Okay, so it's true that there was more voter participation by south county voters in the last county commission election.
But, I've have had a hard time reconciling the data I see in this chart below with the map I put together in that linked post above.
This chart ranks independent and Republican returns across a partisan spectrum in Thurston County. The most conservative precincts towards the left, the more liberal on the right. What is shows is that independent returns tracked well with Republicans and a consistent number of otherwise Democratic voters across nearly every precinct switch independent. They had the same slope, just one was a bit higher.
The map included in the post I linked to shows greater participation by south county voters than in recent elections. The story is that that there was increased participation driven by the rural policies of the current commission. The chart above shows voter confusion across the board. That no matter where you landed on the partisan scale of Thurston County, more people voted for conservative independents than for down-ballot Republicans.
The pro south county argument would be that a Democratic voter in rural Thurston County would vote independent because they were tired of how the county was treating rural residents. Well, sure, okay. But, that doesn't explain the behavior of typically Democratic voters in the cities, were the plight of the rural landowner is less well expressed.
So, if you erase what I call voter confusion from the north county cities (Lacey, Olympia, Tumwater) by pasting the partisan down ballot results over the county commission results, you get a 1,600 vote margin for Democratic county commission candidates. Here's my spreadsheet (column O in "if cities stayed pat").
This sort of contradicts what Steve Salmi is talking about at Green Pages:
What the data suggests is that urban Democrats will not win a county commission seat unless they are competitive in unincorporated parts of the county — which even in a high-turnout, Democratic wave election like 2008 represent the majority of votes. In 2016 both of the Democratic candidates got clobbered in that realm. To make matters worse, as I discuss here, neither Hulse nor kindred spirit Jim Cooper did very well in Lacey or Tumwater. Interestingly, these two cities saw their proportion of total votes jump 2.5 percent over 2008 while Olympia went down by .1 percent.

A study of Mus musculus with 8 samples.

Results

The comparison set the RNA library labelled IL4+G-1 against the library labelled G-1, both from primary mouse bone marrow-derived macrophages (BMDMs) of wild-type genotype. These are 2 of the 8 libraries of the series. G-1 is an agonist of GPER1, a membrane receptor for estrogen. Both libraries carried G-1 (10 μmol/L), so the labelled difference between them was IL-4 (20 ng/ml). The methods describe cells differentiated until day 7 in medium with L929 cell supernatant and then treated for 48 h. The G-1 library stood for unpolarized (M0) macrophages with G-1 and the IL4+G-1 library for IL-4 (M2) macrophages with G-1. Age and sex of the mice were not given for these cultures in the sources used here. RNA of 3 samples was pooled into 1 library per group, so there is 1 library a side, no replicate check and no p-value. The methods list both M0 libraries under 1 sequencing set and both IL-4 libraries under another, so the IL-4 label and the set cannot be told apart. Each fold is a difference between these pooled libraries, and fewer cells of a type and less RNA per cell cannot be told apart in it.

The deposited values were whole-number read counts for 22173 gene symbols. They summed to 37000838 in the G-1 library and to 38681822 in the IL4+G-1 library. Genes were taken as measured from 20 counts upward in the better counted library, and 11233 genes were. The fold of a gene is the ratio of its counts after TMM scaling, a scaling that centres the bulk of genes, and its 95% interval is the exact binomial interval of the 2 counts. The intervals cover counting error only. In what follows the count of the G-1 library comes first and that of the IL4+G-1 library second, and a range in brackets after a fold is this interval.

This is why I suspect that in 2016 something more was going on than high turnout in the south county. Steve Klein may be at least partially right — Donald Trump had coattails. However, the most important single factor may have been that Gary Edwards and John Hutchings ran as independents, which appealed to swing voters throughout the county.
What I'm saying is that if Democrats maintain a more typical partisan lead in the three northern cities, then they'd be able to overcome even a very energized rural vote.
So, if the Democratic candidates had been able to sew the story that independents really were Republicans in sheeps' clothing, then they would have been able to tighten the results. That said, I know they did try to do that. In low information races, it's hard to create an effective narrative sometimes. But, maybe in two years, with a strong majority, the conservatives will shed their sheep clothing and progressives will be able to make a better case.
Steve Klein's argument that Trump provided coattails for Edwards and Hutchings is a prima facia absurdity: Edwards and Hutch both polled about fifteen percentage points higher than Trump.
James, let’s flesh out Steve Klein’s Trump argument and see where it goes. Trump generated 16.6 percent fewer votes in unincorporated precincts than Edwards. Add in Johnson’s votes and the margin shrinks to 10.7 percent.
Klein’s analysis may be partially colored by Yelm’s unusual voting patterns. In that city Trump beat Clinton 55.4 to 32.6 percent. Countywide Trump received 37.7 percent of the vote, which was less than half a percent lower than the statewide total.
Edwards’ support clearly reached beyond that of the Republican and Libertarian presidential candidates. In addition, he racked up 60.2 percent of the vote in unincorporated parts of the county at the same time a liberal Democratic governor hit 49.4 percent. However, let’s remember that in 2008 Romero won unincorporated Thurston with 55.2 percent of the vote.
If Trump had an impact it could have been in drawing to the polls certain demographics particularly favorable to Edwards (and Hutchings). The Pew Research Center noted that Trump’s national demographics were similar in many respects to those of Romney (2012) and McCain (2008) but that he drew an exceptionally large proportion of white men without a college degree.
We can only guess about the demographic composition of the Thurston electorate because there was no exit polling. However, noodling around with census data combined with returns from previous elections might offer partial insights.